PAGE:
An NRF and IBM survey from last year found that nearly 80 percent of consumers report that sustainability is important for them. Nearly 60 percent are willing to change their shopping habits to be more sustainable. More than 70 percent of consumers who report that sustainability is very or extremely important are willing to pay a 35 percent premium for more sustainable and environmentally responsible products.
Consumers are demanding that retailers embrace sustainability — and retailers are responding. Among other sustainability efforts, retailers are placing signs and symbols throughout their stores and online to make it easier for consumers to find more sustainable products.
The challenge for both retailers and consumers is that it can be difficult to know when a product is more sustainable than alternatives. Some definitions of sustainability focus on the materials used to make or package the product. Do they contain recycled-content or renewable materials? Are they compostable, recyclable or biodegradable?
Some sustainability definitions focus on the impacts of using the product: Is it more energy- or water-efficient, healthier or safer than alternative products? Other definitions focus on who makes the products and how those workers are treated: Are they treated fairly and working under safe labor conditions?
With so many different and overlapping ways to identify more sustainable products, sustainability-minded consumers have a lot of questions. As a result, retailers are demanding a lot of additional sustainability information from their suppliers. Retailers then use that information to select appropriate products and to identify those products on store shelves or online.
Some of the many retailers highlighting their more sustainable product offerings include:
Amazon’s “Compact by Design” and “Climate Pledge Friendly” designations identify products that meet the criteria of 30 independent certification programs.
Best Buy identifies energy-efficient products meeting the U.S. government’s Energy Star program. It also highlights available government and utility company rebates for buying energy-efficient products.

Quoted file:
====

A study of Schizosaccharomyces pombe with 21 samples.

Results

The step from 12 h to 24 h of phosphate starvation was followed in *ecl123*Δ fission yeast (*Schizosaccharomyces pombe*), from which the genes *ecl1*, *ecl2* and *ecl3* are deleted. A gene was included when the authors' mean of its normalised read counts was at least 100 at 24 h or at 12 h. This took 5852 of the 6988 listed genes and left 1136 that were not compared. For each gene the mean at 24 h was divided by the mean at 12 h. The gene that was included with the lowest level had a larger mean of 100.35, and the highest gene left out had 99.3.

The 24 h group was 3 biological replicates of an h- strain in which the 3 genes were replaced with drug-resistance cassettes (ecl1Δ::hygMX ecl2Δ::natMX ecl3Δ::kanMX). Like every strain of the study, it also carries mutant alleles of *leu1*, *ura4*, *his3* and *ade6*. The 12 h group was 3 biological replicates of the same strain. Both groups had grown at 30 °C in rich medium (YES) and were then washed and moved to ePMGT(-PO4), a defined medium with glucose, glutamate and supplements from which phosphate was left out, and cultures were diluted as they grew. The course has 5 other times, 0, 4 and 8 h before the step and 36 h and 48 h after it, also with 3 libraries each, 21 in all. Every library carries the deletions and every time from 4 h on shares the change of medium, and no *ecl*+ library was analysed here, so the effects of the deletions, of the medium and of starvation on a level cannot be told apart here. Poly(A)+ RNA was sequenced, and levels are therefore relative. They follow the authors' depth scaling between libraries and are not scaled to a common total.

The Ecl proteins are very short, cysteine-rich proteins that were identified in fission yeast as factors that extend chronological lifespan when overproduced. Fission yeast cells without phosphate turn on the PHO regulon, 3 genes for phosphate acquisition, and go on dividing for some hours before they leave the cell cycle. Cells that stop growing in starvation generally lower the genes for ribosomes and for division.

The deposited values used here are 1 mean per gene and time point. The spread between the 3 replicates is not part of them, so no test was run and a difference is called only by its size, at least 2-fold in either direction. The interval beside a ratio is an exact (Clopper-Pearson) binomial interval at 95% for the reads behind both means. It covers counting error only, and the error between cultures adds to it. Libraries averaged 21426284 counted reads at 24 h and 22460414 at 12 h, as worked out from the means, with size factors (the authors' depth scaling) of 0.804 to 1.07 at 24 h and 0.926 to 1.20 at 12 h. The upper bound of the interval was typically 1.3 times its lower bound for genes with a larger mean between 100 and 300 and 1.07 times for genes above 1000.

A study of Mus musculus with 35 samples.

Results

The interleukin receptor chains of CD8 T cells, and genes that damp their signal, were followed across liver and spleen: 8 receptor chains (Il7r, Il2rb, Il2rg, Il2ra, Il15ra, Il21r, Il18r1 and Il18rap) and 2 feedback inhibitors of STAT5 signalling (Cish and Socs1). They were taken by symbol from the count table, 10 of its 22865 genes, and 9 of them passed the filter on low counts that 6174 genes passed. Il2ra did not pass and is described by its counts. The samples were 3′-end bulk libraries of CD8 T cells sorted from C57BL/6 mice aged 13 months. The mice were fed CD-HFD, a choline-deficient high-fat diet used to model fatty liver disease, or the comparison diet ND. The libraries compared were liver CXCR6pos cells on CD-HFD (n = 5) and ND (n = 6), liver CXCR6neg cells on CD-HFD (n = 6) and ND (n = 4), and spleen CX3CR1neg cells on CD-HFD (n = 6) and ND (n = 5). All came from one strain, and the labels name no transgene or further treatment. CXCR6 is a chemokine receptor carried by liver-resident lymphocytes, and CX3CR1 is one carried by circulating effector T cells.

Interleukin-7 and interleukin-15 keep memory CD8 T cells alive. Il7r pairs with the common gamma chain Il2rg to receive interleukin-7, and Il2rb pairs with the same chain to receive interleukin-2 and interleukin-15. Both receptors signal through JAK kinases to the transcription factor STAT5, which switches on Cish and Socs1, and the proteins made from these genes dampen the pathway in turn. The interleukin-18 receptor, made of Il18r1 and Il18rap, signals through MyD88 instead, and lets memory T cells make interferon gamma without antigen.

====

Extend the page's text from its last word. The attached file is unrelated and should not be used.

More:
Rite-Aid identifies “eco-friendly” products online and places shelf tags throughout its stores identifying products with “Proud Planet,” “Free From,” “Smart Choice” and “Well Being” labels that provide additional information.
Sephora’s “Clean Beauty” program places visible badges throughout stores and online. They highlight products that exclude specific chemicals of concern along with products with more sustainable packaging or other environmental or social benefits, including identifying Black-owned brands.
Staples and Office Depot both promote more sustainable products in-store and make them easy to find online. More sustainable products are particularly important for business and government customers with public sustainability goals: Buying more sustainable office supplies, furniture and equipment helps those customers meet their goals.
The “Target Clean” symbol is used throughout its stores to identify products free from specific ingredients. It places products meeting its sustainable products criteria prominently throughout its stores with prominent messaging explaining the benefits and has a designation for Black-owned brands.
Walmart’s “Built for Better” program uses icons to identify products that are built better “for you” and “for the planet.” Products are recognized with icons when they demonstrate compliance with a variety of respected certification programs.
Ultimately, retailers exist to meet the demands of consumers. When consumers want more sustainable products, retailers will find a way to provide them and make them easy to find. Consumers will drive what happens next.